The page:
I’m not sure why I’ve never really heard of this film – most online discussion refers to it as a “cheaper” film produced by Ilford Photo, but I was quite impressed.
I found the tones and the grain very pleasant, and found the results nicely balanced despite having shot both day and night, indoor, outdoor, and with and without flash.
I received a roll of this in the 2017 Emulsive Santa gift exchange, and it’s sat in my freezer for nearly a year. In December 2018 I took it along in my Nikon F100 on a trip to New Orleans and carried it along well after dark in the French Quarter.
About half the night shots came out blurry. I didn’t use the flash a whole lot, and I simply wasn’t holding the camera still enough. But I like the balanced results – you can tell it’s night, but you don’t see a lot of noise or crushed blacks like I’ve seen in other films.
At the other extreme, daytime shots in sunlight were equally balanced. I tend to prefer a bit more contrast, but I think that’s something I’ve subconsciously absorbed from looking at too many post-Lightroom digital shots where people have slid the ‘clarity’ and ‘detail’ sliders too far to the right. Once I successfuly fought the urge to push the contrast slider to the right, I found the grays grew on me – and this is how black and white exposures should look, I think.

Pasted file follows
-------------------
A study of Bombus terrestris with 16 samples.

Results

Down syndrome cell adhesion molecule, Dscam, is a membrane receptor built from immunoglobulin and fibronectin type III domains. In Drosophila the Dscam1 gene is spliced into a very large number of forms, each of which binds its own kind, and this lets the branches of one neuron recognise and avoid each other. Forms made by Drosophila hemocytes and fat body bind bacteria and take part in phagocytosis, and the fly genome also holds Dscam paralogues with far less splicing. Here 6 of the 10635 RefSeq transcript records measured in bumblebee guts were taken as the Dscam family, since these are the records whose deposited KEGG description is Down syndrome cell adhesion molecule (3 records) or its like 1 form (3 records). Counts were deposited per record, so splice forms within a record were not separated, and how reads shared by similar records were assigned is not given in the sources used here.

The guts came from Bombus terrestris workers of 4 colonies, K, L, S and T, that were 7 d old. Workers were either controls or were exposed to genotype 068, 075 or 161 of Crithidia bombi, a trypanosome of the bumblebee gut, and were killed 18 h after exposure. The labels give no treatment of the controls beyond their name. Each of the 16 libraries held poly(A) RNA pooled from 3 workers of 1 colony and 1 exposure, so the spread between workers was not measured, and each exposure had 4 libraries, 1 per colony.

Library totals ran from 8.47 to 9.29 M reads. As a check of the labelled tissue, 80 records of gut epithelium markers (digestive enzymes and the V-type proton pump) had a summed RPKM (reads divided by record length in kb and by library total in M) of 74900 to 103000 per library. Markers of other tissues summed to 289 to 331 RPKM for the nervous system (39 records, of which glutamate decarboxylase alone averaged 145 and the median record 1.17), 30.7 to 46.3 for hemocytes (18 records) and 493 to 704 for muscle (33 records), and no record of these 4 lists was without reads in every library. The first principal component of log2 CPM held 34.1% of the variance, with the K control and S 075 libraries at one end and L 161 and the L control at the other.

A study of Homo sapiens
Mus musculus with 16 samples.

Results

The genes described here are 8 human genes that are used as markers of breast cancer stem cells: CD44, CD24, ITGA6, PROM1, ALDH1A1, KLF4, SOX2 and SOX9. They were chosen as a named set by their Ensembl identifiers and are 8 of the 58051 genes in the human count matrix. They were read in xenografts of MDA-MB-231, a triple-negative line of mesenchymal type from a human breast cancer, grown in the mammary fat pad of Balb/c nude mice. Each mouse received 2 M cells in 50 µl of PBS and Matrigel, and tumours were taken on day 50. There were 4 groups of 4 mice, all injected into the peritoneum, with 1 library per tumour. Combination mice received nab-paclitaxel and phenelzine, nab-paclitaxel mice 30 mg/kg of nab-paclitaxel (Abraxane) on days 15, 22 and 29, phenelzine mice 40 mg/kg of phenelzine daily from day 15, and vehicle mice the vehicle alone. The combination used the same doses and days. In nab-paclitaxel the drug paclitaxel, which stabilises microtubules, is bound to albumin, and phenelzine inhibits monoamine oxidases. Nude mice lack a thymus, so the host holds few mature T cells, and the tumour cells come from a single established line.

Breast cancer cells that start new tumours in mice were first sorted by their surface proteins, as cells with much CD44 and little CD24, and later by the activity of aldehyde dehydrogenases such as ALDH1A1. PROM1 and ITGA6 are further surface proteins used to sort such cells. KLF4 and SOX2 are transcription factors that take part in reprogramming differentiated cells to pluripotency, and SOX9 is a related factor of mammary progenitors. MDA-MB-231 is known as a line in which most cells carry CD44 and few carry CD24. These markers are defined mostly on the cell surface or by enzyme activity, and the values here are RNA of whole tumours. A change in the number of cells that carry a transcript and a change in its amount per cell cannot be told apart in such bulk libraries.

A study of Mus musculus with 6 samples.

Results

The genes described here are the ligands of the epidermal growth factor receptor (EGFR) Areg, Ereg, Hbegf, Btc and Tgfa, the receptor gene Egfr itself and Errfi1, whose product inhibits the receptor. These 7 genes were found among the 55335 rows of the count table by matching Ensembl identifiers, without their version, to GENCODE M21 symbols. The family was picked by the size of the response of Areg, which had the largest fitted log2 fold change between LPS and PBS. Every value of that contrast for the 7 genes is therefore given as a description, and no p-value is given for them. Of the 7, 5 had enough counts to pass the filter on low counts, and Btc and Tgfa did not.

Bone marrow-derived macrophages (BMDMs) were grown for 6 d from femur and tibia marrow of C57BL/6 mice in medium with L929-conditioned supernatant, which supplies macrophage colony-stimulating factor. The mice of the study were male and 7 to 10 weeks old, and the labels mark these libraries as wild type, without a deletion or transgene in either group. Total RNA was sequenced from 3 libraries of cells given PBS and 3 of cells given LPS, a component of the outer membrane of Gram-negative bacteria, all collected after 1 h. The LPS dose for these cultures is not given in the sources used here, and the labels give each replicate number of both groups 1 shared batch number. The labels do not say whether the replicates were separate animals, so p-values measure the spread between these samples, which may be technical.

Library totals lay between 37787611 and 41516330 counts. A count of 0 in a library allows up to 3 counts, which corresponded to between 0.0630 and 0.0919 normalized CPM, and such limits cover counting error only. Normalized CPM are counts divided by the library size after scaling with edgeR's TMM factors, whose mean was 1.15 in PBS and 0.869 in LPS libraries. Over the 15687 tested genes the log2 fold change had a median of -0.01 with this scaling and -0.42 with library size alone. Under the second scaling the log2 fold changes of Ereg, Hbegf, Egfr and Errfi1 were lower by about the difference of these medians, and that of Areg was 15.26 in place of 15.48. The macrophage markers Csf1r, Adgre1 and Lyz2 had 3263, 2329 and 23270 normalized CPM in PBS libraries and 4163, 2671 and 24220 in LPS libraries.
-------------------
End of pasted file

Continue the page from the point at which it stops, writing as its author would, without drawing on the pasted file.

A little online research reveals that Kentmere 400 (and 100) are indeed among the cheapest films available – less even than the Arista EDU I like to use when I’m testing a camera’s functionality. And aside from a bit less sharpness than I’ve seen in some other black and white films (I actually find the fuzziness pleasant) I don’t really see why I should be paying double for higher end films, as a hobbyist – and even as a professional, depending on the effect I’m looking for. Will definitely check this out again!